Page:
Pineapple once epitomized the exotic, whispering sweetly of the riches of distant lands. Introduced into Europe in the early 1500s, it soon appeared in coats of arms and architectural ornamentation. In colonial Virginia, since it was the one newly discovered New World fruit that couldn’t be grown locally, it became the symbol of generous hospitality, and appeared as a motif in serving pieces and dining room decoration.

Canned pineapple may have slightly diminished the excitement generated by the fruit, but the flavor still says "tropics." And canned pineapple offers one important advantage: like melons, pineapples have no starch reserves, so they will not sweeten further once picked. That’s why, when you buy a fresh pineapple at the grocer, you sometimes find that it’s so acid it makes your eyes water. (And why, if you’ve eaten pineapple near a plantation, you were probably astonished by the ambrosial sweetness and incredible juiciness.) Canning means pineapple can be picked after the onset of ripening, and still be sold at a reasonable price, even thousands of miles from home.

Pineapple is a native of South America, but the world’s leading producers today are Hawaii, China and Southeast Asia, and pineapple appears in myriad Asian and Polynesian dishes.

In this dish from Malaysia, you can use fresh pineapple if you want, but canned (in natural juice) will be sweeter, probably less expensive, and definitely less work. However, though I permit many short cuts, I do try to insist that, if a recipe says fresh ginger, you use fresh ginger. It’s not that much more work, and the difference in flavor is considerable.

Both pineapple and ginger contain anti-inflammatory compounds, so this can be a very soothing dish, as well as a tasty one.

Fish with Pineapple and Ginger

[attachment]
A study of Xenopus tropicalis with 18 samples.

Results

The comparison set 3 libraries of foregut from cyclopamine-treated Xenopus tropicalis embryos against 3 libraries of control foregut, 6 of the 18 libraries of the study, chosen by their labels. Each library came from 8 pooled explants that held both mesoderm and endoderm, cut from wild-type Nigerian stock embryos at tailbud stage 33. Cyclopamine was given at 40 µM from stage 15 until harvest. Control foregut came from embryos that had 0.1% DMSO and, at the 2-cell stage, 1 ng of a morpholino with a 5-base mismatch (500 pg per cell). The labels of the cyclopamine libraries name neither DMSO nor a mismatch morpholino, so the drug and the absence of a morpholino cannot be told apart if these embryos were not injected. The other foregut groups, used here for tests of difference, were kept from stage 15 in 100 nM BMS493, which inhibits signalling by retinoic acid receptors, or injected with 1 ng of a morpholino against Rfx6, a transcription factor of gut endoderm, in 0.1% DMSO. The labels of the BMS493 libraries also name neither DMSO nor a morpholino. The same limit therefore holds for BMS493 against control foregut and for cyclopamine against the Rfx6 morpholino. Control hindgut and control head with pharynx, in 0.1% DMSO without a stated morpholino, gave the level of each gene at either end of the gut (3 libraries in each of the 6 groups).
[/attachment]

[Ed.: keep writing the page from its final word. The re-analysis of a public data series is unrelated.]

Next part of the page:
1 lb. fish fillets (any firm-fleshed whitefish), cut into bite-size pieces

1-inch piece fresh ginger, peeled and chopped

¼ to ½ tsp. red pepper flakes (to taste)

1 tsp. finely grated lemon rind or ground lemon grass

1 can (20 oz net wt.) pineapple chunks in juice, drained (reserve juice as treat for chef)

1½ tsp. turmeric

1 tsp. salt

cooking oil

1 large onion, chopped

½ tsp. sugar

3 med. tomatoes, chopped

cooked white rice

Mix 1 tsp. turmeric with 1 tsp. salt, then rub over fish pieces. Heat 2 Tbs. oil in a large frying pan. When oil is hot, add the fish and fry for 2 minutes on each side. Remove fish to a plate.

If needed, add enough additional oil to pan to cover bottom. Add the onion and fry, stirring occasionally, until golden brown. Add the ginger, red pepper, lemon grass or rind, and remaining turmeric and fry over low heat for 5 minutes, stirring constantly.

Stir in the sugar, tomatoes, pineapple and fish pieces. Cover and simmer for 20 to 25 minutes, or until the fish flakes easily. Serve at once, with white rice (about 4 cups cooked rice should suffice).

Serves 4‑6.

Notes regarding authentic ingredients:

Sometimes, authentic ingredients are easily replaced by other ingredients that are more readily available locally—like the lemon grass vs. lemon rind above. Lemon grass is more authentic, but using lemon rind doesn’t alter the flavor appreciably, and is usually more accessible and cheaper (plus, you get a free lemon with every rind you buy). Some ingredients, however, have no parallel.

Dried shrimp paste, which is so optional I didn’t even list it above, tastes like nothing else in the world. It is made of sun-dried shrimp that is ground with salt. If you want to make the above recipe really authentic, add ½ to ¾ tsp. of shrimp paste when you stir the spices into the sautéed onions. Shrimp paste is definitely one of those ingredients that says, "I don’t think we’re in Kansas anymore." In some bland dishes, it adds a piquancy that is intriguing. I am not fond of strongly fishy tastes, however, and find that adding shrimp paste to a fish dish is definitely "pushing the envelope" for me.

Shrimp paste, which you can find in Asian grocery stores, so if you want to try it, it’s not a major investment (and throwing it out is not so heartbreaking, if you don’t like it). If you love fishy flavor, or have a passion for culinary extremes, it is an option you may want to explore. You should know, however, that your kitchen, and probably any adjoining rooms, will smell like shrimp paste, and it’s not a great smell; in Asia, the locals hold handkerchiefs over their noses as they walk through the food markets, where shrimp paste, shark fins, and a host of other dried seafood sit in open barrels. In the US it’s sold in small, closed containers, which helps. It is milder in flavor and aroma once cooked, so I don’t want to discourage you entirely from trying it, I just want you to know what you’re getting into. I will add that the "serve at once" direction for this recipe becomes more important if you use shrimp paste. It doesn’t improve with age.